Civil Engineering in the Ancient World

Ancient people never used the term “civil engineering” to describe major public works projects. However, cultures around the world produced talented builders who constructed monuments, dams, bridges, tunnels, aqueducts, cities, towers, massive buildings, and other structures civil engineers would feel proud to build today.

 

Listing all of these magnificent works in one brief article proves impossible. Just a small sample of important ancient civil engineering projects include ancient Egyptian pyramids, the Hanging Gardens of Babylon, the Parthenon of ancient Athens, and the Great Wall of China. The works of early mathematicians like Archimedes, Brahmagupta, and countless unidentified ancient scholars likely laid an intellectual foundation for constructing many of these projects.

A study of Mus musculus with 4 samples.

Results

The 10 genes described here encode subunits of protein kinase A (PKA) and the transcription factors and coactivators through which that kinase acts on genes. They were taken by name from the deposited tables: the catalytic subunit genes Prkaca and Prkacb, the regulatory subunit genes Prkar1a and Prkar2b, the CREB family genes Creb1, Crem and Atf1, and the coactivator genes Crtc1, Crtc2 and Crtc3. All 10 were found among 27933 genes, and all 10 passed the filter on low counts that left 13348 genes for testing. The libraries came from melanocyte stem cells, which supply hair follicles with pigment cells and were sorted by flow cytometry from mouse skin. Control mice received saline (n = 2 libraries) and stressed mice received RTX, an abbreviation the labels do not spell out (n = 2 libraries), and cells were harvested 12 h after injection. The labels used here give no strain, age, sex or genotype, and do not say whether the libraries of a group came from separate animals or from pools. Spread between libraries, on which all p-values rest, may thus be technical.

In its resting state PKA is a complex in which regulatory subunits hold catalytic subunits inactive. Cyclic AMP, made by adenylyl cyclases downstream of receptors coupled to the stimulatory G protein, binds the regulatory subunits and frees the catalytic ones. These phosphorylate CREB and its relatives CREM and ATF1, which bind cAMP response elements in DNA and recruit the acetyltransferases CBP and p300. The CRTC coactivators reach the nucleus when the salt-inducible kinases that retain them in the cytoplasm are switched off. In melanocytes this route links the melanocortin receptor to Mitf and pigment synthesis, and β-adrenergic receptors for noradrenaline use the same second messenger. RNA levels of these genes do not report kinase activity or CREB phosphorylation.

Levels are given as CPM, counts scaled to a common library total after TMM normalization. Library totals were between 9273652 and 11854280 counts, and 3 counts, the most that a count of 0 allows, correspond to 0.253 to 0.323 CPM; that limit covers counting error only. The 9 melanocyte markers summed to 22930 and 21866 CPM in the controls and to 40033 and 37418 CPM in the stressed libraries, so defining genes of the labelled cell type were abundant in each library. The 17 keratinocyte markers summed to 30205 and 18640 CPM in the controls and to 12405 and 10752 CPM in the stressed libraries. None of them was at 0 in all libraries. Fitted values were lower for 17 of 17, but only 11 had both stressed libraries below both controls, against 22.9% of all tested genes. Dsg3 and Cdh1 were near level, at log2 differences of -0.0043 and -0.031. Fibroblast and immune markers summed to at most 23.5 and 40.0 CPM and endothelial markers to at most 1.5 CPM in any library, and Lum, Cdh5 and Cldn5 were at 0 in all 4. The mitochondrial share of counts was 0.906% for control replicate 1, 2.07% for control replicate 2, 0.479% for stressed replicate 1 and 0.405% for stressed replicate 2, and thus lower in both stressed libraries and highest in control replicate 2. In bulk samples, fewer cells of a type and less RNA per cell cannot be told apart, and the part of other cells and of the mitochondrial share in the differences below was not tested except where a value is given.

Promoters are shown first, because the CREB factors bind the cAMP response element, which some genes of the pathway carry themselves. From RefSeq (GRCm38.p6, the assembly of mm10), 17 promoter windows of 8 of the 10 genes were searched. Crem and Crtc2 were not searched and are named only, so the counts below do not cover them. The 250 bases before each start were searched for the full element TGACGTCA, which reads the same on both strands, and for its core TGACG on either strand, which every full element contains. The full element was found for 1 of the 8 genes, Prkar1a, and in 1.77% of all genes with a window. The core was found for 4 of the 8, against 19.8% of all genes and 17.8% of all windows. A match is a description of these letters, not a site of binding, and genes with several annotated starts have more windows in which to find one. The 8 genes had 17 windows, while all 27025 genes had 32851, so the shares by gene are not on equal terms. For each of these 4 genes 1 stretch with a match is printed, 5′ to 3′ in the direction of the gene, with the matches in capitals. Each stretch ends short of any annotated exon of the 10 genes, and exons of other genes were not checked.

More recently, the world witnessed numerous other examples of skilled building projects. The mountaintop city of Machu Picchu, a complex series of catacombs beneath the cities of Rome and Paris, massive stone sculptures on Easter Island, and impressive religious monuments and sites of worship worldwide all testify to the practical value of Civil Engineering throughout recorded history.

 

The Enlightenment Gives Civil Engineering a Boost

Engineering as a tool of war held a prominent place in armies during the Middle Ages and the Renaissance (and likely during ancient times). Yet the Enlightenment focused on the importance of Math, Science, and Architecture as knowledge capable of enhancing the quality of life. It eventually inspired the development of civil engineering as a field of formal study.

 

In 1747, The National School of Bridges and Highways opened in France. Early engineers helped construct the massive Erie Canal between 1817 and 1825. The Institution of Civil Engineers formed in London in 1818. By the Victorian Era, the field of civil engineering had become well-established as a formal science!